Wednesday, August 3, 2022

R.I.P. Vin Scully, Iconic Sports Broadcaster

Hall of Fame broadcaster Vin Scully, who called Dodgers games on radio and television for more than half a century and captivated generations of Southern California baseball fans after the club’s 1958 move from Brooklyn to Los Angeles, died Tuesday night, the team said. 

He was 94, according to The Los Angeles Daily News.

Scully died at his home in Hidden Hills, according to the team, which spoke to family members.

“We have lost an icon,” team president and CEO Stan Kasten said in a statement. “His voice will always be heard and etched in all of our minds forever.”

Named the No. 1 sportscaster of the 20th century by more than 500 national members of the American Sportscasters Association in 2000, Scully began announcing Dodgers games in 1950 and had the longest continuous service with one team of any major-league broadcaster. Sixty-six years after his debut, Scully called his final Dodger game Oct. 2, 2016 in San Francisco. A plaque remains on the wall of the visiting broadcast booth inside Oracle Park ― where the Dodgers played the Giants Tuesday night ― to commemorate the occasion.

With a mastery of the English language, a near-encyclopedic knowledge of baseball history and an unparalleled story-telling ability, Scully both educated and entertained listeners while receiving nearly every honor the broadcasting industry offers.

Voted the “most memorable personality” in Los Angeles Dodgers history by fans in 1976, Scully received a star on the Hollywood Walk of Fame and induction into the broadcast wing of the National Baseball Hall of Fame as the recipient of the Ford Frick Award in 1982.

A four-time winner of the Outstanding Sportscaster Award from the National Sportscasters and Sportswriters Association, Scully was also a 21-time California Sportscaster of the Year. Inducted into the Radio Hall of Fame in 1995, Scully received a Lifetime Achievement Sports Emmy Award from the National Academy of Television Arts and Sciences the following year.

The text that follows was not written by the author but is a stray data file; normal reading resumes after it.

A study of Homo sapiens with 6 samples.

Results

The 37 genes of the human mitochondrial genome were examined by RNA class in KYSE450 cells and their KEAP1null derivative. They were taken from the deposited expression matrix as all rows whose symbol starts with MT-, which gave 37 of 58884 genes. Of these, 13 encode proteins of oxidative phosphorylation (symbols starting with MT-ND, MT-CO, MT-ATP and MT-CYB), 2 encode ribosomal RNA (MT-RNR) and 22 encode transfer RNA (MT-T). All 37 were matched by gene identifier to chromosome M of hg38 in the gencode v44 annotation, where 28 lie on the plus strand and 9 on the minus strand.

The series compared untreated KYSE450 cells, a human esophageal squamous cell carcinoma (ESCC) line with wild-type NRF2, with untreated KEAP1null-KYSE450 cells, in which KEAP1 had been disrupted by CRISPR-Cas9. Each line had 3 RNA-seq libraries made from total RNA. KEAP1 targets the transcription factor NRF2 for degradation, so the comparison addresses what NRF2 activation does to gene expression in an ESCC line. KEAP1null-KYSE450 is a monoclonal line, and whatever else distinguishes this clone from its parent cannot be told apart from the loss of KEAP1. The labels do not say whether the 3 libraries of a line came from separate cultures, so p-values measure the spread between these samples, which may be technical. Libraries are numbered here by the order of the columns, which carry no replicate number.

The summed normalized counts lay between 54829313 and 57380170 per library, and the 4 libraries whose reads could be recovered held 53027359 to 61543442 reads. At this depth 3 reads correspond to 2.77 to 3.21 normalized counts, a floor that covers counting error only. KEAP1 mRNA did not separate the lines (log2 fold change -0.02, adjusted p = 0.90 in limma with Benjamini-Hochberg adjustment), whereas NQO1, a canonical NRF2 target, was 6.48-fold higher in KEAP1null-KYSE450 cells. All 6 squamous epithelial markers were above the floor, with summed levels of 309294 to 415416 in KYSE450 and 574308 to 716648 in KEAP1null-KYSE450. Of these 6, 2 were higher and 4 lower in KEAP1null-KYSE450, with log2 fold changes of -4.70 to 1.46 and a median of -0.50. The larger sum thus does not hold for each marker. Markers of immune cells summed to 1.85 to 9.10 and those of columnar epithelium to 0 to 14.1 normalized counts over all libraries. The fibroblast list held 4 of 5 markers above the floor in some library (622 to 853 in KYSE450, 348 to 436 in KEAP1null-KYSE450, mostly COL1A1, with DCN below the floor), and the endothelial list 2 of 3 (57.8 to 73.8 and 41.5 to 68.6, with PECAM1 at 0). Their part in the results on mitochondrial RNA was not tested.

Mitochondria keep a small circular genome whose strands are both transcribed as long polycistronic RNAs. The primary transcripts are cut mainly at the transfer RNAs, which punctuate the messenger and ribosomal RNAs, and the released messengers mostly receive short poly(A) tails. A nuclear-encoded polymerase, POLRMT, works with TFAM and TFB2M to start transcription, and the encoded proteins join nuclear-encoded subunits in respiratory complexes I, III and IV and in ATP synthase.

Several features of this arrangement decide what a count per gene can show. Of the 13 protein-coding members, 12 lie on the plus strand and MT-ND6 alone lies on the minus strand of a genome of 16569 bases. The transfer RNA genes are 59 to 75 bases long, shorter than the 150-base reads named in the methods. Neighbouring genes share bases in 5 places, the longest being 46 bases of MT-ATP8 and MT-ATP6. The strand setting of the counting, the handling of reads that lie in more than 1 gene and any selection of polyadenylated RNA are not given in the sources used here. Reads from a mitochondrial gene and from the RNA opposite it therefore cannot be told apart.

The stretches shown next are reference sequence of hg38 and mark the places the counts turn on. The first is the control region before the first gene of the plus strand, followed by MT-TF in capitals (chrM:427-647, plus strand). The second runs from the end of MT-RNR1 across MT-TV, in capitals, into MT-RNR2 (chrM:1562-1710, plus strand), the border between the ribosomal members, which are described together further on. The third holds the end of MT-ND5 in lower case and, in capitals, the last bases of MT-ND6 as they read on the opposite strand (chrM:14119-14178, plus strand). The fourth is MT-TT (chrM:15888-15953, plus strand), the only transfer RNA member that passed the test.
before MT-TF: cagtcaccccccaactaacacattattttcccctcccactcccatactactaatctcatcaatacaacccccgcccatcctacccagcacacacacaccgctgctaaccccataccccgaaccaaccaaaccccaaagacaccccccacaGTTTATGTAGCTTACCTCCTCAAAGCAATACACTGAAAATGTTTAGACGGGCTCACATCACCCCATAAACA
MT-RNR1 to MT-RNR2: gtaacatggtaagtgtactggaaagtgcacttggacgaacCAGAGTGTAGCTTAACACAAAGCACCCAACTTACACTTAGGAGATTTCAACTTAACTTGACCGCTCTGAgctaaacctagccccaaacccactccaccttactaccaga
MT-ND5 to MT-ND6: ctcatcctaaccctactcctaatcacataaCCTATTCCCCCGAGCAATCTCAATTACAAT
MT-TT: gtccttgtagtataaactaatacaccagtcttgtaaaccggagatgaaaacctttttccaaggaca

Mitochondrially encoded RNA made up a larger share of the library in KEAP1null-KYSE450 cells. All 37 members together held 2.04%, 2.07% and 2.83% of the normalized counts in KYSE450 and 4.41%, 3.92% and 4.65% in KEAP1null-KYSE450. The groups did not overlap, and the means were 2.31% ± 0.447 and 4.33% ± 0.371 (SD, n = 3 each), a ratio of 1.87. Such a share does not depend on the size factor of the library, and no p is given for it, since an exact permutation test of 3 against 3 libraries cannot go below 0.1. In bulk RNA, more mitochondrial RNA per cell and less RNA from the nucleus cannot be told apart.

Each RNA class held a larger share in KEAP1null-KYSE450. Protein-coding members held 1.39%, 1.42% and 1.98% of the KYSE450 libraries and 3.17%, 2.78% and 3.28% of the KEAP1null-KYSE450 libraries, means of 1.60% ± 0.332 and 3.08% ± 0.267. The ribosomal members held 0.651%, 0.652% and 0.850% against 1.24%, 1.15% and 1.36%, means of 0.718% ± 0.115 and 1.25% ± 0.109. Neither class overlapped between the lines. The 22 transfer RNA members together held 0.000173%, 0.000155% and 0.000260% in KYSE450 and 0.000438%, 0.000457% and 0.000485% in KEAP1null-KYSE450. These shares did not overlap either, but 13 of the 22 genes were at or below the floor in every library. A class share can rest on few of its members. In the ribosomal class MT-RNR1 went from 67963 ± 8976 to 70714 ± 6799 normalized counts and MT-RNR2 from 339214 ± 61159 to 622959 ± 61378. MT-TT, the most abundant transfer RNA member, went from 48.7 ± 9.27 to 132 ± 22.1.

Also a recipient of the George Foster Peabody Award for excellence in broadcasting, Scully covered 12 World Series and six Major League All-Star Games, in addition to football, golf and tennis, for CBS and NBC, but he will always be linked with the Dodgers. The team honored Scully with the dedication of the “Vin Scully Press Box” at Dodger Stadium in 2001.

Born Nov. 29, 1927, in the Bronx and raised in New York City, Scully set his sights on being a sports announcer from an early age. He spent two years in the Navy and graduated from Fordham University in 1949, having lettered for two years as a Rams outfielder before turning to broadcasting.

Scully called Fordham baseball, football and basketball games over the school’s radio station, and began his professional broadcasting career at WTOP-AM in Washington, D.C. Scully’s big break came in 1950, when legendary Dodgers announcer Red Barber and his partner, Connie Desmond, chose Scully to become the third man in the radio booth.

Duplicating Barber’s renowned work ethic, by 1954 Scully had become the Dodgers’ lead announcer. He called Brooklyn’s only World Championship the following season, and also announced Dodgers World Series victories in Los Angeles in 1959, 1963, 1965, 1981 and 1988.

As a child, Scully would grab a pillow, put it under the family’s four-legged radio and lay his head directly under the speaker to hear whatever college football game was on the air. With a snack of saltine crackers and a glass of milk nearby, the boy was transfixed by the crowd’s roar that raised goosebumps. He thought he’d like to call the action himself.

At age 22, he was hired by a CBS radio affiliate in Washington, D.C. In 1953, at age 25, Scully became the youngest person to broadcast a World Series game, a mark that still stands.

He moved west with the Dodgers in 1958. Scully called three perfect games – Don Larsen in the 1956 World Series, Sandy Koufax in 1965 and Dennis Martinez in 1991 – and 18 no-hitters.

Scully credited the birth of the transistor radio as “the greatest single break” of his career. Fans had trouble recognizing the lesser players during the Dodgers’ first four years in the vast Los Angeles Memorial Coliseum.

He was inducted into the Baseball Hall of Fame in 1982, received a star on the Hollywood Walk of Fame that year, and also had the stadium’s press box named for him in 2001. The street leading to Dodger Stadium’s main gate was named in his honor in 2016.